Background: Recombinant antibody fragments are promising alternatives to full-length
immunoglobulins and offer important advantages compared with conventional monoclonal
antibodies: extreme specificity, higher affinity, superior stability and solubility, reduced immunogenicity
as well as easy and inexpensive large-scale production.
Objective: In this article we will review and discuss recombinant antibodies that are being evaluated
for neurodegenerative diseases in pre-clinical models and in clinical studies and will summarize new
strategies that are being developed to optimize their stability, specificity and potency for advancing
Methods: Articles describing recombinant antibody fragments used for neurological diseases were
selected (PubMed) and evaluated for their significance.
Results: Different antibody formats such as single-chain fragment variable (scFv), single-domain
antibody fragments (VHHs or sdAbs), bispecific antibodies (bsAbs), intrabodies and nanobodies, are
currently being studied in pre-clinical models of cancer as well as infectious and autoimmune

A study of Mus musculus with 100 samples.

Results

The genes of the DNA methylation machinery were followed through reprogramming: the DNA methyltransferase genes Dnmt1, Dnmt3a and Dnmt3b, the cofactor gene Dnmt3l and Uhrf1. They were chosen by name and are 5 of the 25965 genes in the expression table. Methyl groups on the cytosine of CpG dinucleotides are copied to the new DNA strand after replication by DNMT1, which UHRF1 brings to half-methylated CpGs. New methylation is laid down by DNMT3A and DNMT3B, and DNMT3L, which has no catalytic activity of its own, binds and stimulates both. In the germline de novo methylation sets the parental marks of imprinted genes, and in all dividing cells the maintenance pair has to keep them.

diseases and many of them are being tested as therapeutics in clinical trials. Immunotherapy
approaches have shown therapeutic efficacy in several animal models of Alzheimer´s disease (AD),
Parkinson disease (PD), dementia with Lewy bodies (DLB), frontotemporal dementia (FTD),
Huntington disease (HD), transmissible spongiform encephalopathies (TSEs) and multiple sclerosis
(MS). It has been demonstrated that recombinant antibody fragments may neutralize toxic extra- and
intracellular misfolded proteins involved in the pathogenesis of AD, PD, DLB, FTD, HD or TSEs
and may target toxic immune cells participating in the pathogenesis of MS.
Conclusion: Recombinant antibody fragments represent a promising tool for the development of
antibody-based immunotherapeutics for neurodegenerative diseases.